Lollapalooza will always own choice real estate in the alternative consciousness, it simply won't own it any in venues across the U.S. -- again.| For the second straight year, the summer festival that helped catapult groups like Pearl Jam, Soundgarden and Nine Inch Nails, along with an entire subculture, into the mainstream is a no-go. Though organizers are promising a return to the fold next summer -- much like they did last summer -- some insiders believe that's a laugh-apalooza.
"They didn't cancel it, it never got resurrected," observes a band manager of a group originally in talks to play this year's Lollapalooza. "So, it's something of a misnomer to say it was canceled. The attempt to revive the patient was unsuccessful."
Why Lollapalooza '99 never made it out of the starting gate is of some debate. Some believe that over-confidence among the organizers is to blame. "All these things have had their cycles, and I think that, whether it's the H.O.R.D.E. tour or whatever, they get big enough that the producers of the event get arrogant and think they can squeeze the talent," says the manager. "Then the talent says we're not around, and they release it with no software, essentially. It's like a computer with no software is a f---ing lightbox."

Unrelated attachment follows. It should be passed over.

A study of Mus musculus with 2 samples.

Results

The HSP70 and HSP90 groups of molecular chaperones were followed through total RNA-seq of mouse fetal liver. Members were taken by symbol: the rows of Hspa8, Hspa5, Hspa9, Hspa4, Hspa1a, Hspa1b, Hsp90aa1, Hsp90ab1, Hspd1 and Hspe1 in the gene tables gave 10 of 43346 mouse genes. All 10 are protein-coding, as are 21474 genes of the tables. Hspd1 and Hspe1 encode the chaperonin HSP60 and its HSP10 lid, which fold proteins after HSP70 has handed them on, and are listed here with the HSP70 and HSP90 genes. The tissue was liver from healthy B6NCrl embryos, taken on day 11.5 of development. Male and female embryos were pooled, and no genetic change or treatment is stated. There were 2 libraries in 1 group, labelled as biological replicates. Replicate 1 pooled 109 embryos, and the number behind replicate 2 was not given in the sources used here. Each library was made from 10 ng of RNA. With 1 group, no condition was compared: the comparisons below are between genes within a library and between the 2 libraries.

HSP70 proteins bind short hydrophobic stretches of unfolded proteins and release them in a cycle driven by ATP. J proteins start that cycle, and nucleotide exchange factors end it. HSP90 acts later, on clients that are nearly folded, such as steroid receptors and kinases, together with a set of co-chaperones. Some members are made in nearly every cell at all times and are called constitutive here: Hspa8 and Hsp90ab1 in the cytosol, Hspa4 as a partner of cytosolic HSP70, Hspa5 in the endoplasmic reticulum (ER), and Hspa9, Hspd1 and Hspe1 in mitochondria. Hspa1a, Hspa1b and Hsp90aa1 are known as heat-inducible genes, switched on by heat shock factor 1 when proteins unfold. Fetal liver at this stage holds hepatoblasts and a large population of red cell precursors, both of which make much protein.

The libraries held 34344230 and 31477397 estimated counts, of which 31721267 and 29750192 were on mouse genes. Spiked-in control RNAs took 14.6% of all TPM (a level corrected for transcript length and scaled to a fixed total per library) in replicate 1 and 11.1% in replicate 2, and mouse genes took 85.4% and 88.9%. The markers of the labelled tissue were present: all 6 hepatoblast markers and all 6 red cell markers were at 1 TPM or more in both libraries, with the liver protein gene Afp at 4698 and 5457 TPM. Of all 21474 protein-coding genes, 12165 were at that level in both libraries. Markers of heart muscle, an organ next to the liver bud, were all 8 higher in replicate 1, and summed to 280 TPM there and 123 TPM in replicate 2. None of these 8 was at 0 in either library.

The proliferation of radio festivals, too, has wiped away some of the Lollapalooza sheen, and become a viable fix for cash-strapped concertgoers. Today, virtually every major market hosts a festival sponsored by a local modern rock station that features a half-dozen or so blue-chip artists that receive heavy radio rotation. "The reason why my bands will do a radio show is there's a quid pro quo," says the manager. "You give us this, we give you that, we all love each other. Lollapalooza, we give you a dollar's worth of effort, what we're worth in the marketplace, and you pay us twenty-five cents."
This year, organizers were hoping to lure acts like Bush, Stone Temple Pilots, Eminem, Luscious Jackson and Kid Rock to the bill, but even that line-up seemed porous to some. "When you go after a band that can already do its own headline tour, the economics are a little bit of a sacrifice, and you have to find a band that really wouldn't be doing their own thing anyway," says a booking agent for two bands in talks to play this year's festival. "Whatever they could have put together, it doesn't have any zing to it."
Lollapalooza will almost certainly have a better chance of regrouping next summer with the announcement that Lilith Fair will hang up its X chromosome indefinitely starting in 2000. "We don't have room for a lot competing type of things," says the booking agent. "We focus on things in America. The Lollapalooza brand was it for a while. Then it became the Lilith brand, and that's it. It'll change into something else.
"The alternative culture has been absorbed into America so that you get it just by opening up a magazine," he adds. "You don't need to go and find it in a field somewhere."